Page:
Last week, 1 July, saw the passing of one of Sri Lanka’s most prolific children ‘s book authors, Sybil Wettasinghe. Wettasinghe (Kala Keerthi Sybil Wettasinghe) passed away at the age of 92 while receiving treatment at the Sri Jayewardenepura Hospital. Her funeral was held on 3 July.
Her life and times
Born in Gintota, near Galle, in 1927, Wettasinghe was an alumna of Holy Family Convent, Bambalapitiya, and moved on to work in publishing. Wettasinghe initially worked at the Lankadeepa newspaper before moving on to Lake House Publications, becoming the main illustrator for the Janatha newspaper. She also wrote and illustrated for The Sunday Observer, Silumina, Daily News, and Sarasaviya.
Wettasinghe’s journey as an author began in 1952 when she produced a narrative called “Kuda Hora”, for the children’s page of the Janatha newspaper, eventually adapting the story into a book that received local and international acclaim. Over the course of her career as a children’s book author, Wettasinghe produced over 200 children’s books, which have been translated into several languages for children all over the globe to enjoy.
Wettasinghe’s work won many awards including several State Literary Awards, the Isabel Hutton Prize for Asian Women Writers for Children in 1965, the Best Foreign Book Award in Japan in 1986, The Gratiaen Prize for most Creative English Book in 1995, and the Nikkei Asia Prize for Culture in 2012, among many others.
Wettasinghe broke a world record in 2020 with her book “Wonder Crystal” being entered into the Guinness Book of World Records for having the most number of alternative endings.
Wettasinghe was married to Don Dharmapala Wettasinghe, who passed away in 1988, and is survived by her children Vinod, Suriya, and Kusala, and her five grandchildren.
Wettasinghe’s work touched the lives of so many. From the very first generation in 1952 who grew up with “Kuda Hora” and the early books, Wettasinghe’s work has formed an integral part of many, many childhoods.
The Morning Brunch reached out to a few people for views on Wettasinghe’s legacy and what she leaves behind…
“Dearest ‘Sybil Nanda’ was the reason why we started reading in the first place. She was every child’s superhero. Now, as an early childhood teacher, I can see that she knew children’s minds and how to enrich them. She was capable of reaching out to every child through her own little stories and connecting with them. We have lost a great gem,” said early childhood educator and CIT Kids Head Lashinika Ratnavibhushana.
“Sybil Wettasinghe was the Beatrix Potter of our time. She proved that simplicity is the richest language of all. Her books were akin to a thick duvet covering you on a rainy afternoon as you sipped a kiri thé (milk tea) and ate a Marmite sandwich,” said writer and lifestyle journalist Rohitha Perera.
“Simple, grounded, and always joyful, Sybil Wettasinghe was one of those artists who resonated with all, and truly cultivated the universality of artistic expression, who through her work, brought out its spirited nature to the young and old, near and afar,” said Artra Magazine Editor-in-Chief Azara Jaleel.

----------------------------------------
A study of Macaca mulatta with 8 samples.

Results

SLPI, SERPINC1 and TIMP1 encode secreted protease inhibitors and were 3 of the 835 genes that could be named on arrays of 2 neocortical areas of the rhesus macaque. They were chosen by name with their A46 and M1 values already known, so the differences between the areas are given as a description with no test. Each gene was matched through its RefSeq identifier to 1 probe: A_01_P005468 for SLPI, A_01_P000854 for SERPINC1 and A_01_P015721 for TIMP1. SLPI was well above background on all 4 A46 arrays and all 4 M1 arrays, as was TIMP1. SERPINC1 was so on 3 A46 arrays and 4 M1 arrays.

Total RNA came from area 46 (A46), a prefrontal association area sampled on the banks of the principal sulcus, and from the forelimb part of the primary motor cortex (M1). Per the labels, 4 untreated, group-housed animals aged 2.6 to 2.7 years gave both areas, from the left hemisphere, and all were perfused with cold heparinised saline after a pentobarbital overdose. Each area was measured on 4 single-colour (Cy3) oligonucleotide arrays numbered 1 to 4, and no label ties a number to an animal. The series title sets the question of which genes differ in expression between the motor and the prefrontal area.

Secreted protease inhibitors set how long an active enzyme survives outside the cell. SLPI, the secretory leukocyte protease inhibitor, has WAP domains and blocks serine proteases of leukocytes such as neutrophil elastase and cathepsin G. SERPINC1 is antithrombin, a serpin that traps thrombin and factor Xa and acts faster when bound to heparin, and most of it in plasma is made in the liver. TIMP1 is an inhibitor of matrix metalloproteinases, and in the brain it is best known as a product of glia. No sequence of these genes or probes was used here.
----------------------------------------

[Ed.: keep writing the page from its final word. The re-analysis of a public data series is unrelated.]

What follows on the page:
“Aunty Sybil was the first Sri Lankan author to tangibly show how our local stories and scenes can shape and change us, and that our stories are as important and impactful as those by Western children’s authors like Enid Blyton or Roald Dahl. Her work also painted a vivid picture of village life in an immersive, non-exotic way for local children who lived in their little urban bubbles. Over 10 years ago, I had the opportunity to attend a writing workshop she conducted at the Sri Lankan Press Institute and I draw inspiration from that to date. Now, having helped found a storytelling collective, I hope to do what Aunty Sybil did for us, create rich wonderful stories that show Sri Lankan life and perspectives,” said Everystory Sri Lanka (a feminist storytelling collective) Co-founder Sharanya Sekaram.
“Her books have shaped me so much to help find my inner child, even as an adult. Her creativity and depth always fascinated me more than her fairy tales,” said entrepreneur, business strategist, and body-positivity advocate Ranjula Herath.
“I was awed by Sybil Wettasinghe from the age of three when my mom used to read her stories to me every night. At five, I won a copy of ‘The Child In Me’ at an art competition and read myself to sleep with it every single day. The way she transported me to a whole other world with her words and art was absolutely astounding. I used to mimic her art style at an early age, and I’m certain that her art contributed to my love of anything artistic and creative that I do, which I take in pride in even today,” said travel enthusiast Duleeka Williams.
“Her colourful stories made our childhoods magical. She took the Sri Lankan mark to the globe as an incredible artist and a writer. Aunty Sybil was a hero of our time,” said interior and furniture designer Sachithra Thillakarathna.
“A world of beautiful colour wrapped in the simplicities of island life, the joys of stories that I read over the years, and greater moments in talking with Aunty Sybil!! Thank you for those moments. Your walk on earth is done but you are alive in our hearts. Thank you for inspiring me to write, and thank you for every chuckle you had when you read my work,” said actress and writer Angela Seneviratne.